BOSTON — Throughout the weekend, hundreds of people will hop on stationary bikes and pedal in honor of those fighting cancer and the souls that we lost too soon.
Cycle for Survival is an annual and massive fundraiser for the Memorial Sloan Kettering Institute, which treats some of the rarest cancers in the world.
It’s people like Charlie Aceto that motivate others to get their sweat on and pedal for change.
The 2-year-old boy has had a very long battle with cancer that started from the moment he was born. Diagnosed at birth with a rare cancerous tumor, his mother, Betsy, went straight to New York’s Memorial Sloan Kettering Institute which treats some of the rarest cancers in the world.
“Something was flagged in utero, they certainly didn’t think it was cancer, but they did an ultrasound conservatively at birth and did suspect he had a neuroblastoma," said Betsy Aceto.
Charlie’s cancer was both rare and aggressive, which meant he needed to start chemo at just five weeks old.
“It was clear that Charlie was not doing well, at which point they decided that they needed to do radiation to get control of the tumor," said Aceto.
The long road, however, came with a couple of bumps in the way, like when radiation began showing complications.
“He’s had over 30 surgeries to try to fix his GI complications and some complication to his airway," said Aceto.
Now in remission, Charlie is making progress every day toward living a normal life.
Aceto tells Boston 25 News she’s not sure Charlie would be alive today if it wasn’t for all the efforts and work done by the staff at Sloan Kettering.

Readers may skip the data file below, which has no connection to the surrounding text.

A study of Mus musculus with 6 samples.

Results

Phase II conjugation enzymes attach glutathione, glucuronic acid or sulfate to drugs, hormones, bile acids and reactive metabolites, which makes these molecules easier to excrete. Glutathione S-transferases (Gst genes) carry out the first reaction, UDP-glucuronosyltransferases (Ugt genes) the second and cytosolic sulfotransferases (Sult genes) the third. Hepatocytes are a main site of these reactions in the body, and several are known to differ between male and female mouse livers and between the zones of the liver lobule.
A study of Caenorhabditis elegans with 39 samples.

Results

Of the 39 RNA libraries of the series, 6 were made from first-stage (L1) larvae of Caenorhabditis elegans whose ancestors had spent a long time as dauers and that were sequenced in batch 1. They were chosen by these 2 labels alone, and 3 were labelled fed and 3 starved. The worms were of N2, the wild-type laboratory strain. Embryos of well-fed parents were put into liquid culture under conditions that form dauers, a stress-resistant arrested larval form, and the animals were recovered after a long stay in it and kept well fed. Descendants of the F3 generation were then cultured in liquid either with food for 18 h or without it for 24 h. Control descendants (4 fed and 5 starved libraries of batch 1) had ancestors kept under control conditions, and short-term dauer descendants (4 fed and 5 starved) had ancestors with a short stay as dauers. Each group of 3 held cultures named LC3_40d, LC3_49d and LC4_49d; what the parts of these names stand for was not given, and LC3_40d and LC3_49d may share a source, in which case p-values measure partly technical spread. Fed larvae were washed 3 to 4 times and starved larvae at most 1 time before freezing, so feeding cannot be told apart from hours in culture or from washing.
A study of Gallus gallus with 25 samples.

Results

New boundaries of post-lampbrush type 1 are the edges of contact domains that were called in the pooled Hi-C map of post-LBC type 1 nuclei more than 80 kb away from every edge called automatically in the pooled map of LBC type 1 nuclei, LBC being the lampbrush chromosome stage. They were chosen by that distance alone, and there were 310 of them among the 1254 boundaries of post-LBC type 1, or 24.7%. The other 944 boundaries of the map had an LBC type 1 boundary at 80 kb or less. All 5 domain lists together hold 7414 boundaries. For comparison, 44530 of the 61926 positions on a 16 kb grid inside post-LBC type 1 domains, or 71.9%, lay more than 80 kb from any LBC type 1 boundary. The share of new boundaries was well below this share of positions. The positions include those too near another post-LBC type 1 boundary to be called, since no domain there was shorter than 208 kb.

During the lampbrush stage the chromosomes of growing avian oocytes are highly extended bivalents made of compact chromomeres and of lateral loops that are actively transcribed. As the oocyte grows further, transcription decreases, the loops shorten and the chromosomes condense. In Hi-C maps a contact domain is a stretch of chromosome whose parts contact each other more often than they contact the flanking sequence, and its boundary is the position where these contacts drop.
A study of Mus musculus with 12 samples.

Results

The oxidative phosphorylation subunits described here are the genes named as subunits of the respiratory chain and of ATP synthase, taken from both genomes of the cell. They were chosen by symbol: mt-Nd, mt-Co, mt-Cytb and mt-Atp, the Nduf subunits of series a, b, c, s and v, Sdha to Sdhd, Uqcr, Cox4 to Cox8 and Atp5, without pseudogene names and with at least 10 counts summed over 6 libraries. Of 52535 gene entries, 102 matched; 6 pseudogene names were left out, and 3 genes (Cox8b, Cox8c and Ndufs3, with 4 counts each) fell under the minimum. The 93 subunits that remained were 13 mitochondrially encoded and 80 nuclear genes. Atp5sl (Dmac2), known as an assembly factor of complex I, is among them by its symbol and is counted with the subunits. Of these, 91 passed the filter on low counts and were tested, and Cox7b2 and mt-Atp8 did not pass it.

“Just how wonderful Sloan Kettering treated our family, every single person that works there from the doctors to the nurses, maintenance staff, cooking staff, just goes so far above and beyond," said Aceto.
Because of stories like this, events such as this weekend’s Cycle for Survival are so important. This time around, Aceto will join hundreds of riders at Equinox in Boston for the event.
Riders have raised millions of dollars over the last seven years to help Sloan Kettering identify alternative treatments that might be less invasive and lead to better outcomes for people like Charlie.
This weekend, 1,700 riders have signed up for the event. Boston 25 News Anchor Kerry Kavanaugh is proud to join this team of riders to make a difference.
At this point, it’s too late to sign up to ride, but people are encouraged to make a donation to Sloan Kettering here.
“I wish I had said how grateful I am to all that have contributed to the cause," said Aceto. "Our friends and family have been outrageously generous.”